How Recession Affects Divorce
By Marsha A. Temlock, M.A.
For the past three decades we have seen a downward trend in the divorce statistics. To what extent will the recession influence this trend? Will we see more or fewer divorces because the nation is tightening its belt?
There is no question that the recession has affected almost every phase of our daily life so why not divorce? Americans are taking fewer and less expensive vacations; they are looking for bargains when they go shopping; they are eating out less often; drinking cheaper wine; paying cash instead of using plastic. And now, with the prices of homes plummeting, with the increasing number of layoffs, devalued assets in the stock market and devaluing of pension funds, it seems safe to say that fewer unhappily married couples can afford the luxury of getting divorced.
The Recession Requires Concessions
In good economic times, when there is more wealth, people will seek out individual divorce lawyers. Today, to save costs, more couples are likely to hire a mediator. Also, individuals will be less inclined to drag out the divorce proceedings in court, sparring over the division of diminished property.
During a recession, divorcing or legally separated couples may not be able to afford two separate residences. The Wall Street Journal (“What God Has Joined Together, Recession Makes Hard to Put Asunder,” July 13, 2009) describes spouses having to live together in the same house while getting divorced because the house won’t sell. In such cases, the husband and wife must make accommodations for each other. The wife might live upstairs and the husband might occupy the basement or move into a separate bedroom.
To their credit, many couples forced to live together still share household chores, parenting responsibilities, and, despite the awkwardness, work out babysitting arrangements so they each can date other people, even clearing out of the house when one decides to invite a lover to stay the night.
The Inability to Move on Causes Family Stress
When an individual feels secure that she can make a clean break from her marriage, she is more likely to seek freedom and feel positive about the necessary changes in her life. During the recession, if the individual is hemmed in by circumstances she cannot control, she is less likely to be optimistic about her future and have a harder time making plans and/or taking the necessary steps to get on with her life.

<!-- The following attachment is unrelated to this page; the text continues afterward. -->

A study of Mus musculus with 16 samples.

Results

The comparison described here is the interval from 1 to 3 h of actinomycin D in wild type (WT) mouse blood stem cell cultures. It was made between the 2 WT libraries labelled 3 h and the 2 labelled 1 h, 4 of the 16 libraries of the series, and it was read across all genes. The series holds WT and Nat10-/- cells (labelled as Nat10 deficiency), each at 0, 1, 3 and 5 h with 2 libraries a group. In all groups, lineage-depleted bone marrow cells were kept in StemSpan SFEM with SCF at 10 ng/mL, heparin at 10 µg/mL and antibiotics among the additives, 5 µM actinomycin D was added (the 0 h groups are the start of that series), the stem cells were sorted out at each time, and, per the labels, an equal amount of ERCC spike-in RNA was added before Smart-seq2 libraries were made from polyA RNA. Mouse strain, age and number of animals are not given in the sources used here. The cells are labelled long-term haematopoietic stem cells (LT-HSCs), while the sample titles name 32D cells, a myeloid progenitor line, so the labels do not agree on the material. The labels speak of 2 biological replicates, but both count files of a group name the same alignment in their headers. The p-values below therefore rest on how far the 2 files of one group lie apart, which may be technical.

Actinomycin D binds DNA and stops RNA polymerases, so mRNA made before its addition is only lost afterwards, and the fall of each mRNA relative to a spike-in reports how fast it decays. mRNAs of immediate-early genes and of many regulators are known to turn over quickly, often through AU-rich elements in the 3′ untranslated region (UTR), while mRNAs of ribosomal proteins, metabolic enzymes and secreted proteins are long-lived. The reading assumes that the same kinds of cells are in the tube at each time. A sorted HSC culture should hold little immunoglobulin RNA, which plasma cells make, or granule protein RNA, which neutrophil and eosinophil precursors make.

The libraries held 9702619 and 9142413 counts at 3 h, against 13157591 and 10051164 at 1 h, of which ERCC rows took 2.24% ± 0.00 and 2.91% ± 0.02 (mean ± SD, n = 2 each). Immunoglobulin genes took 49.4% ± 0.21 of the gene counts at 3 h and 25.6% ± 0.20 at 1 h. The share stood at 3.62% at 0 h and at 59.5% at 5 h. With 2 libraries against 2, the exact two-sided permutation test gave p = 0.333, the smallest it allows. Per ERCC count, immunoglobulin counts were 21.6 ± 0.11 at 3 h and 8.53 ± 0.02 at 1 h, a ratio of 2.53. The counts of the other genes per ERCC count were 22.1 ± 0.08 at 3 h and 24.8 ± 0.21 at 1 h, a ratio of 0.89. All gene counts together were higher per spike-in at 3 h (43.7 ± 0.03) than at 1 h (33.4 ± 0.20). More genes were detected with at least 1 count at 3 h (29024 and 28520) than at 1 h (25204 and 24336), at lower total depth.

Anyone forced to stay in an unhappy marital situation will be under a great deal of emotional stress especially when there are unpaid bills, unemployment, pay cuts, and reduction in pension payouts. Resentment can build when, for example, a wife, is faced with the loss of health insurance or the inability to collect child support payments if the husband is unemployed.
The collateral damage when couples must stick it out in dire economic times is particularly severe for children who will be confused and fearful living under the same roof of parents who are simply waiting for the economy to kick in so they can move on.
The Silver Lining
There is a saying that every cloud has a silver lining, and there are those who say that the economic downturn is not necessarily a negative for couples who must stay together until the tidal wave passes. Forced to wait it out, individuals in a lukewarm marriage will discover that they have the resources to support one another. Instead of calling it quits, they will weather the storm. In effect, the recession is a good thing.
Let us hope the economy recovers sufficiently that we have the opportunity to test this hypothesis.
Marsha A. Temlock, M.A. is the author of Your Child’s Divorce: What to Expect … What You Can Do (Impact Publishers).